I have just returned from Vienna, where I went to celebrate the launch of the German edition of Edmund de Waal’s The Hare with Amber Eyes. This tells the story of the Ephrussi family, who were bankers and businessmen originally from Odessa and once household names. Edmund has an Ephrussi grandmother (to declare an interest, I have an Ephrussi great-grandmother). By profession he is a ceramicist, very well known. This is his first book, and a runaway success everywhere. I think the Viennese publisher Zsolnay said to me that he had already sold 30,000 copies in a few days.
The book is marvellously well written, but that doesn’t explain why it is such a hit. The reason seems to be that what happened to the Ephrussis is something everyone can identify with, something of a parable. Settling in Vienna, in the 1860s they built a Palace on the Ringstrasse, a huge and extraordinary monument on six floors around an enclosed courtyard. Here was standing evidence to their wealth, success, and their evident belief that they were assimilated, so socially acceptable that the city’s rabid anti-Semitism wouldn’t affect them. Wrong, of course. Fortune, creativity, taste, enterprise, social connections, counted for nothing when the Gestapo had its day.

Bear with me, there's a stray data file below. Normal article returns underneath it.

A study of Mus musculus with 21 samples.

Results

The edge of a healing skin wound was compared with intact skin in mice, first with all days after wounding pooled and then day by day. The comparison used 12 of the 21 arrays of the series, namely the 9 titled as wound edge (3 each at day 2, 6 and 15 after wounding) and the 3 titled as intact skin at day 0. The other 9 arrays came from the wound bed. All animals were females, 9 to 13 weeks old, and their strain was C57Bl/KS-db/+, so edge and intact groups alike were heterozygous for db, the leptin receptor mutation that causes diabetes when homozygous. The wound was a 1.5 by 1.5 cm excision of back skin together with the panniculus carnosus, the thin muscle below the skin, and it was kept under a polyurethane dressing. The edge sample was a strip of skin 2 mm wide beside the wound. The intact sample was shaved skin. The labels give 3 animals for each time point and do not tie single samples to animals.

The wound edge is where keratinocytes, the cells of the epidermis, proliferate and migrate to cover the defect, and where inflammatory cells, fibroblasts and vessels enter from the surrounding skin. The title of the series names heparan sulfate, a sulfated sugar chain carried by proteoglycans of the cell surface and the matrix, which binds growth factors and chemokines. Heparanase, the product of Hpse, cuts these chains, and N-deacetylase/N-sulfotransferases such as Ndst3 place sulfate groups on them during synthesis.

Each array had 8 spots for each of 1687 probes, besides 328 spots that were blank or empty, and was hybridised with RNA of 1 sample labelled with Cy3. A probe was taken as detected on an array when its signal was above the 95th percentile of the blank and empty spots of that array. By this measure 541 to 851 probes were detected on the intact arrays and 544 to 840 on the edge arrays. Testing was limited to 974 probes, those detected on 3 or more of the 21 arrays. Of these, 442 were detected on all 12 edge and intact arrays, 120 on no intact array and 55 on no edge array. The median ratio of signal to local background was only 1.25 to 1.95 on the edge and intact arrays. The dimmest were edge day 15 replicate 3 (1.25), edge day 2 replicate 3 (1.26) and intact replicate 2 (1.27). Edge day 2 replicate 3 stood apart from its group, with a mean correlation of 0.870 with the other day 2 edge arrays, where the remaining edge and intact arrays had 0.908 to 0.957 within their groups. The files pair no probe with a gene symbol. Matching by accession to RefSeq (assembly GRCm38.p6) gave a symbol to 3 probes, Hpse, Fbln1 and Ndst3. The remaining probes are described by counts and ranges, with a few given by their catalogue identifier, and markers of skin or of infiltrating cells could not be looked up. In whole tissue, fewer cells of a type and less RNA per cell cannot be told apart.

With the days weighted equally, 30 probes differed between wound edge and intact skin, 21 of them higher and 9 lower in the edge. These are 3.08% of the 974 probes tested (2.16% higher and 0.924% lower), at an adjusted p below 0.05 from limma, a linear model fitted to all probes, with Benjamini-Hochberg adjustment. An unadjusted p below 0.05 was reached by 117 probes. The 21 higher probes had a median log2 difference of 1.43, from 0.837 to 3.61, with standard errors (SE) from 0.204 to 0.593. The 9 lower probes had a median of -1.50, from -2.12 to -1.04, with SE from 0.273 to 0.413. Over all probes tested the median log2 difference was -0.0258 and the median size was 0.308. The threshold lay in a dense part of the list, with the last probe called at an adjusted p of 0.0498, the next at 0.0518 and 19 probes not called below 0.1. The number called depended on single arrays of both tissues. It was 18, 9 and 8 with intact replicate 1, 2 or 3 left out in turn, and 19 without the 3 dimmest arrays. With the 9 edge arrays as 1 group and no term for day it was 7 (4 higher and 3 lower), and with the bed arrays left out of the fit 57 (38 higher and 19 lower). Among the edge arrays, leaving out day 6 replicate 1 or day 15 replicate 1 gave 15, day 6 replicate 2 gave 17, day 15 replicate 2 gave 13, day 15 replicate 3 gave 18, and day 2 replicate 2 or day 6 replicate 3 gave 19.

The Palace today belongs to a company called Casino Austria. The rooms are a riot of painted ceilings, ornament, gilding, massive panelling and doors, all restored to former standards. A throng of maybe 200 or more gathered in the courtyard. There were speeches. A representative of the city council asked the crucial question: What had Austria lost by expelling or killing its Jews? Edmund followed up: The book was an act of restitution, meaning that memory of the expunged family was returning to Vienna. He spoke as he writes, movingly free from the anger or self-pity that might have come naturally.
Enthusiastic Nazis and anti-Semites, Austrians like to pretend that they were victims of Hitler. This is how they cover the fact that Casino Austria owns this Palace, and not the Ephrussis, or that when the family bank was Aryanised Herr Steinhausser, its manager for twenty-seven years, took possession of it and after the war saw nothing wrong in what he’d done. If anyone can humanise the Austrians and get them to see the truth of their conduct and their history, it is Edmund de Waal.